Hearing Characteristics and Doppler Shift Compensation in South Indian CF-FM Bats.
In: Journal of Comparative Physiology A, Vol. 139, No. 4: pp. 349-356
1. Echolocation pulses, Doppler shift compensation behaviour under laboratory conditions and frequency response characteristics of hearing were recorded inRhinolophus rouxi, Hipposideros speoris andHipposideros bicolor.
2. The frequencies of the constant frequency portions of the CF-FM pulses lie at about 82.8 kHz forR. rouxi from Mahabaleshwar, at 85.2 kHz forR. rouxi from Mysore. Hipposiderid bats have considerably higher frequencies at 135 kHz inH. speoris and 154.5 kHz inH. bicolor. The mean sound durations were 50 ms, 6.4 ms and 4.7 ms, respectively.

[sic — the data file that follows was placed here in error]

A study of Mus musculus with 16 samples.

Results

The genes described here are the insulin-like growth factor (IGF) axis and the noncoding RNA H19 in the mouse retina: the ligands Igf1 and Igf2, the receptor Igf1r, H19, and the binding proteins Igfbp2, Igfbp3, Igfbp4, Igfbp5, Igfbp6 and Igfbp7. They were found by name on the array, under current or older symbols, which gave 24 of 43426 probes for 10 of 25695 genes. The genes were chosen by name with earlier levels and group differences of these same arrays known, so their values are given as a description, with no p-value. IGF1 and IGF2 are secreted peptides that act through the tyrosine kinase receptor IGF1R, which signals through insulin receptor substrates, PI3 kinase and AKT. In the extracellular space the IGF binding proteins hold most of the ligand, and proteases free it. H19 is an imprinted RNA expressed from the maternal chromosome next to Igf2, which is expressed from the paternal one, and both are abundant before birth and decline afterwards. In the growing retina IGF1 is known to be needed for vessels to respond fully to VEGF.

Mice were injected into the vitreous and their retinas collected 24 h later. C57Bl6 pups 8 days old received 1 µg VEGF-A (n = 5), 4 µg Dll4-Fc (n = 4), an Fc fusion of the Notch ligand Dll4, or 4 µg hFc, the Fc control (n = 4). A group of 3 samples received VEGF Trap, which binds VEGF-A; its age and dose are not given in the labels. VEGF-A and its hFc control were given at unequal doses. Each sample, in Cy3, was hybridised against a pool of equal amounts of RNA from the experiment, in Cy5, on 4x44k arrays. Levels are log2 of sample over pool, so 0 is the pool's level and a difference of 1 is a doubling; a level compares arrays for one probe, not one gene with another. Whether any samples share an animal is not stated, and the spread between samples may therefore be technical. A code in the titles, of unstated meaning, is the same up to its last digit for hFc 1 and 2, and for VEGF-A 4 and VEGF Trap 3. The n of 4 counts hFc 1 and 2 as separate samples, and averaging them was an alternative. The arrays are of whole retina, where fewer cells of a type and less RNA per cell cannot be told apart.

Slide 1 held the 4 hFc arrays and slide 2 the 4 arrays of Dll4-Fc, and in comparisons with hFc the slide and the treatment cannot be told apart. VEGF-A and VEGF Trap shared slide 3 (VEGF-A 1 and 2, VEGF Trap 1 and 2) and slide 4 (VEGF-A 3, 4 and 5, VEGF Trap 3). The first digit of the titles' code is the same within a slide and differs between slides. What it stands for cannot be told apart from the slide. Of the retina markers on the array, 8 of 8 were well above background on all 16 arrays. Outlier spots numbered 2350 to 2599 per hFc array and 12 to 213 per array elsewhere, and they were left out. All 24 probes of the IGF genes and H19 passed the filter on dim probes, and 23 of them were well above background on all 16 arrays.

3. R. rouxi compensates for Doppler shifts in a range up to typically 4 kHz of positive Doppler shifts (Fig. 2). The Doppler shift compensation behaviour is almost identical to that ofR. ferrumequinum.
4. H. speoris andH. bicolor do not compensate for Doppler shifts under laboratory conditions. Doppler shifts in the echoes induce emission frequency changes which are not correlated to the presented Doppler shifts (Fig. 3).
5. The frequency response characteristics of hearing ofR. rouxi show characteristic sensitivity changes near the bat's reference frequency as also found inR. ferrumequinum. The threshold differences between the low threshold at the reference frequency and a few hundred Hz below are 40 to 50 dB in awake bats (Fig. 5).
6. Frequency sensitivity changes near the emitted CF-frequency of the bats are less pronounced inH. speoris or almost absent inH. bicolor.